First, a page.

Brexit: Constructive compromise or deeper divisions?
Update regarding the Brexit negotiation process
As Westminster heads off for summer recess after a frenetic few weeks, our feet can finally touch the ground as we consider the Brexit developments since the European Council summit at the end of June.
25 July 2018
n our last blog, we were reflecting on the lack of progress in negotiations and looking ahead to the pivotal Cabinet meeting at Chequers and the Brexit White Paper. Since then, a lot has happened but not a great deal has yet changed, and for fear of repeating myself, we still do not have a great deal of clarity on where we may end up.
The Prime Minister put forward a White Paper proposing a ‘soft’ Brexit which garnered a strong reaction from pro-leave MPs at the ongoing close ties with the EU it suggested. Before the proposal was even off the blocks, MPs forced amendments to the Trade Bill that required the Prime Minster to revise one of the central tenets of her proposal on customs. In a counter move from pro-EU MPs, further amendments were tabled in a move to attempt to bring the option of establishing a customs union back on the table. This second challenge was narrowly defeated and as parliament heads off for the summer, Cabinet is more divided than ever.
The ongoing political tensions in the UK mean that really no one can call what might happen between now and 29th March next year with a General Election, a Tory leadership challenge and a second referendum all being mooted as possibilities. Our view is that none of those would solve the problem; a General Election might prompt the EU to grant an extension to the Article 50 process but beyond that, it’s hard to see how any of those alternatives would provide the certainty craved by business in the short term.
One thing that recent developments have done however is give us a greater steer on the potential scenarios and their likelihood in the run up to March next year, which can help organisations to refine and test their risk assessments and contingency plans. On the one hand, we have the Brexit vision put forward in the White Paper – with free trade on goods, mutual market access but with some divergence on services and enhanced equivalence (but notably not mutual recognition) on Financial Services – and on the other we have the prospect of a ‘no deal’ scenario. Whilst some commentators have suggested that the version of Brexit put forward in the White Paper may be a tactical and a pragmatic starting point for a successful negotiation, both the EU and the UK have also openly stepped up their preparations for no deal. Our view is that the chances of no deal have almost certainly risen so we are encouraging our clients to increase their own preparations for that scenario.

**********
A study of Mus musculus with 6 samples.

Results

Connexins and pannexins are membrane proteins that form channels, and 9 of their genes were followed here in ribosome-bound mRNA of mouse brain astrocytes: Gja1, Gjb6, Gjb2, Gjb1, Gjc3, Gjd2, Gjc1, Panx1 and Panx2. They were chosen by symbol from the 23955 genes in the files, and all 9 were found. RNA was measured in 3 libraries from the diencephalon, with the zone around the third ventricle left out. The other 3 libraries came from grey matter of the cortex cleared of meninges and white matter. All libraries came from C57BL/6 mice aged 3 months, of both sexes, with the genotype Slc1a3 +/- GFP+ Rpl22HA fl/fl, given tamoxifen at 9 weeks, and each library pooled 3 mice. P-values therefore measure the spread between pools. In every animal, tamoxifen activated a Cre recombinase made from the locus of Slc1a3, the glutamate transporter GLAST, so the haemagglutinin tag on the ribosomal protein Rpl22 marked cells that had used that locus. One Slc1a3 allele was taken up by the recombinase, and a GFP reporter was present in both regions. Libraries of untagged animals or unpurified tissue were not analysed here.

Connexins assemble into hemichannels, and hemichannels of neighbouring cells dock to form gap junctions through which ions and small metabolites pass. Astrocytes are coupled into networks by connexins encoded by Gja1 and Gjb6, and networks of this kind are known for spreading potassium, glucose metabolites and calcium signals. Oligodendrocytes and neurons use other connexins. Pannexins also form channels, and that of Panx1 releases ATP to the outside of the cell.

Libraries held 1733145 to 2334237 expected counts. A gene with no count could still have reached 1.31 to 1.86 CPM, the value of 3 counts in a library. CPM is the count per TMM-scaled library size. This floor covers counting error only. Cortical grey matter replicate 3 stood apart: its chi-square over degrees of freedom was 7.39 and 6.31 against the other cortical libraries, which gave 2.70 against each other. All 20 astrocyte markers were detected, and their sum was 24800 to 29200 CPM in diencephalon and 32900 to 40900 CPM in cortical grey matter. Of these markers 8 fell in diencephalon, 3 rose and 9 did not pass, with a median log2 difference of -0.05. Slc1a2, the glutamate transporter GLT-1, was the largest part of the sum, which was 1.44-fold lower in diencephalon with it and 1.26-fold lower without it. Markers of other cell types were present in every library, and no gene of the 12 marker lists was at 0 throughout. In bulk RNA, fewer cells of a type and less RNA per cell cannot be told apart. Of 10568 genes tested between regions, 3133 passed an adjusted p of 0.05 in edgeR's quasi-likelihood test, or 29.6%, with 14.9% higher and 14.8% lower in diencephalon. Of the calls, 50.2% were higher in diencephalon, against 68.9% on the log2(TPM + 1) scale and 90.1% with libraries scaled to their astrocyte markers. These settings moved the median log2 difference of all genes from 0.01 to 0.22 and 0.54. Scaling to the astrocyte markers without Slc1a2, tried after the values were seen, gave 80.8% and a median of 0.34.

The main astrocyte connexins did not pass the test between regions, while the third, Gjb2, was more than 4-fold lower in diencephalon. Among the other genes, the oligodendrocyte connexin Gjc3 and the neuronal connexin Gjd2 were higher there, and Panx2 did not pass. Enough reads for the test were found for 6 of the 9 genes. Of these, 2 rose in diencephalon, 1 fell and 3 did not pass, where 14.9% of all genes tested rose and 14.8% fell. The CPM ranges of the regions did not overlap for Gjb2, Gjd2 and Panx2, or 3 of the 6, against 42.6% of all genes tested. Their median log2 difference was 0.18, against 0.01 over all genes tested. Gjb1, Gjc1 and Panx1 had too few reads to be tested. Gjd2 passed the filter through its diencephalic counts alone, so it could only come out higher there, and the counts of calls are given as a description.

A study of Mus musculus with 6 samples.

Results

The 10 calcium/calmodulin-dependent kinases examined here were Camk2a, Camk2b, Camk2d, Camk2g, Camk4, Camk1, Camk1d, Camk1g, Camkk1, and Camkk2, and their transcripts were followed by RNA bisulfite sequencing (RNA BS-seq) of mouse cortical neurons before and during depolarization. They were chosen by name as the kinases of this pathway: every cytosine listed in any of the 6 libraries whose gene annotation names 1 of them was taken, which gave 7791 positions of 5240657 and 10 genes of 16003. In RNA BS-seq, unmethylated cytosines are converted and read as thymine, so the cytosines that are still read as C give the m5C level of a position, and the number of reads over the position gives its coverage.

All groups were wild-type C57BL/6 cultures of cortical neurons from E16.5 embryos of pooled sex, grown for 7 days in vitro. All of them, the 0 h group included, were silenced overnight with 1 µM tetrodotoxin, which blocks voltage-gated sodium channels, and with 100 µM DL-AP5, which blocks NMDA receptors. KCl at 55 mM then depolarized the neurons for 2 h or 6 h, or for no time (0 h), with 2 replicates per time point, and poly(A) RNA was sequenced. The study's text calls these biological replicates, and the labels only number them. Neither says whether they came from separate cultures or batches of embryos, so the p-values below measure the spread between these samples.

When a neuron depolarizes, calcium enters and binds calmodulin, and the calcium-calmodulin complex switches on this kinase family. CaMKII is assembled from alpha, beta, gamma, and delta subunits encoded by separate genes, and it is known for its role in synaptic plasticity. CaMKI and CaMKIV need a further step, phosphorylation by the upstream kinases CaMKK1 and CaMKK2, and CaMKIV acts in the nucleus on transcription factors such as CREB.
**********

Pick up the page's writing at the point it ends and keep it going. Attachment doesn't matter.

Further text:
We must of course remember that the UK’s position is only one side of the coin, and the EU response to the proposals will ultimately be the deciding factor in the kind of Brexit we end up with. The proposals do require some substantial compromises on the EU’s part – asking them to offer concessions on previously stated firm lines. The initial response from the EU has been muted, with Michel Barnier questioning whether the proposals protect the integrity of the union as well as the practicality of implementing parts of them and early indications would suggest that there remains a long way to go before a workable deal is reached.
Last week in discussion with European colleagues, we considered whether there were incentives to the EU to help the Prime Minister reach a deal as ‘no deal’ is not a good outcome for anyone and the uncertainty this would create would be damaging for both sides. There is an imperative for the EU for continued close cooperation on security for example, where the UK bring much to the table in terms of military and intelligence strength. However perhaps most compelling is the EU’s wish for consistent political leadership through to the conclusion of the Brexit negotiations, seeing a change of Conservative leader or a General Election as an additional challenge that would jeopardize not only the timing but also the nature of the deal. Therefore, we may see some flex on the EU side to avoid an even more difficult situation materializing, but how much remains to be seen.
We can expect negotiations to continue over the summer ahead of the next EU summit in October, but the EU have other priorities with the migrant crisis topping the agenda. With talks on the withdrawal terms still on going before the future relationship takes centre stage in the Brexit negotiations, we don’t think we can anticipate a significant breakthrough and the much desired certainty to materialise for some time yet.